Copied to clear up confusion shown here re status of Shuttle fleet and 
reasons for grounding. RN
CAPE CANAVERAL, Fla. (Reuters) - NASA's fleet of space shuttles, grounded as 
inspectors inch their way through trouble-plagued wiring on each orbiter, 
will not carry out further missions until mid-October at the earliest, the 
U.S. space agency said Saturday.

The fleet of four orbiters has been grounded since a harrowing lift-off of 
shuttle Columbia in July. Astronauts and ground controllers wrestled 
throughout the eight-minute flight to space with power failures to two of the 
computers controlling Columbia's three main engines. The shuttle was one 
short-circuit away from a never-before attempted emergency abort.

That led to electrical inspections on the entire shuttle fleet, and 
technicians have discovered enough problems, including faulty insulation and 
frayed wires, that mission managers have decided not to schedule any more 
flights until the work is complete, said NASA spokesman Bruce Buckingham.

``The work is progressing well,'' said Buckingham, but technicians have not 
been able to predict how long the job will take. ``It's anticipated that no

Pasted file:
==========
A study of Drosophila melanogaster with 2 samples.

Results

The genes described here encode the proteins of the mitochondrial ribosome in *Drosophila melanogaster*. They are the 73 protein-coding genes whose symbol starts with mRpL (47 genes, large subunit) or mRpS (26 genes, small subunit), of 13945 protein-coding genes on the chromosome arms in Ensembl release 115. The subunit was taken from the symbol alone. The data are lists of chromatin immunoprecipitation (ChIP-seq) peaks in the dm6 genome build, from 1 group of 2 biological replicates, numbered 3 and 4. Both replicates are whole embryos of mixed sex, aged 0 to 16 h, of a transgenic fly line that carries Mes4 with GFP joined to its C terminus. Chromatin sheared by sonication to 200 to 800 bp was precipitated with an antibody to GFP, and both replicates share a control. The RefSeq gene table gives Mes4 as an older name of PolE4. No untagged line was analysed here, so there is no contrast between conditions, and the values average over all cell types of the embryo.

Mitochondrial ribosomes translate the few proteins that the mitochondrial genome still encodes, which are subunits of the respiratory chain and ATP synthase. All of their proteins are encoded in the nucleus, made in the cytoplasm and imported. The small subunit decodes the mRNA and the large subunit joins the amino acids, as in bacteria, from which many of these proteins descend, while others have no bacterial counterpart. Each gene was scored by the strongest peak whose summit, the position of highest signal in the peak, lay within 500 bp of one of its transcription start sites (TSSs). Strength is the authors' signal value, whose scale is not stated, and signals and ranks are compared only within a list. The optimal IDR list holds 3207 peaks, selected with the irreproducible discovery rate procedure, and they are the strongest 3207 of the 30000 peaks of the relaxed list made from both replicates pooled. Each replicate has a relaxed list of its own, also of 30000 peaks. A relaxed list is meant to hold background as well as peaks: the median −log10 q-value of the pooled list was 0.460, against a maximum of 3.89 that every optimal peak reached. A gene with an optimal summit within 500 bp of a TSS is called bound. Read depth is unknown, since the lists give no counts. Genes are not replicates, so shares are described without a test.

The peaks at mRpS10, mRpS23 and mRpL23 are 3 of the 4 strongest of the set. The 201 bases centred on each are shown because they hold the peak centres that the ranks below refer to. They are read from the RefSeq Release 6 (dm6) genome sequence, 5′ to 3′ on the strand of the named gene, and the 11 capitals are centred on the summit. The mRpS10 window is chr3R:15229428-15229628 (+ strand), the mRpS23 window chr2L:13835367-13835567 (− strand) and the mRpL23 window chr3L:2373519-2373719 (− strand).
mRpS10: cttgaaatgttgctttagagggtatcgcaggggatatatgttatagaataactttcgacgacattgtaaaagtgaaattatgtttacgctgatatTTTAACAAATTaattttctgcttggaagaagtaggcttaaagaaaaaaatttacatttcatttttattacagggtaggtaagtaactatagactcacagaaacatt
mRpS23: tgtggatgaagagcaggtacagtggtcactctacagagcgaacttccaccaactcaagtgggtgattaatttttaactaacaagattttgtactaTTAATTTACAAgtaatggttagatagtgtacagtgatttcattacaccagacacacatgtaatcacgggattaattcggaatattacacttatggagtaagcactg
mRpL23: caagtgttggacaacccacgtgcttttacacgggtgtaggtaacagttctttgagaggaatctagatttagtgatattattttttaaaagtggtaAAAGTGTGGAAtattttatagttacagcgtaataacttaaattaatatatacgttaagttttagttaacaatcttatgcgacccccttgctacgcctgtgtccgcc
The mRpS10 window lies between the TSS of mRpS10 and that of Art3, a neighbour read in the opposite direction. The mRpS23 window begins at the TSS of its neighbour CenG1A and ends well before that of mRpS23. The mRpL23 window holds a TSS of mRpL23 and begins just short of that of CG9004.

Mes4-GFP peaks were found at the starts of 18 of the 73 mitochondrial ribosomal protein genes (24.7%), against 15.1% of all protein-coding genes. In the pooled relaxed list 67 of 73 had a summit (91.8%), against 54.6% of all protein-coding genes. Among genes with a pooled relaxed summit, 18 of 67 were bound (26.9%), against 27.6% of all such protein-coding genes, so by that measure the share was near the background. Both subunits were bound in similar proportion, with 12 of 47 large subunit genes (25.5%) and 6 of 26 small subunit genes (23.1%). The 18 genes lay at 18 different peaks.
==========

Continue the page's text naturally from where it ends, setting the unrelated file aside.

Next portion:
mission could technically be ready for launch before mid-October at the 
earliest.''

NASA said damage had been found inside each orbiter, something unexpected 
until Columbia's troublesome lift-off.

So far, inspectors have found 38 electrical defects on shuttle Endeavour and 
26 aboard shuttle Discovery. Comprehensive inspections of Columbia, the 
oldest shuttle in the fleet, and Atlantis, the youngest, will begin later 
this month, NASA said.

``Our focus is to be absolutely certain that we do our very best to find, fix 
and prevent any recurrence of this problem,'' Ron Dittemore, NASA's shuttle 
program manager said in a release.

Before the inspections began, Endeavour had been scheduled to lift-off 
September 16 on a 10-day science mission, with Discovery set to fly sometime 
before October 15 on a repair mission to the Hubble Space Telescope. Launch 
targets for both those missions were put in limbo once the inspections were 
ordered.

NASA said many of the electrical defects were caused over the years as 
technicians performed their pre-launch and post-launch routines inside the 
shuttles, often stepping on wires or inadvertently nicking them. Other 
defects were caused by wires rubbing against metal surfaces.

The space agency said it was revising service procedures in light of the 
discoveries and plans to schedule more electrical inspections in the future.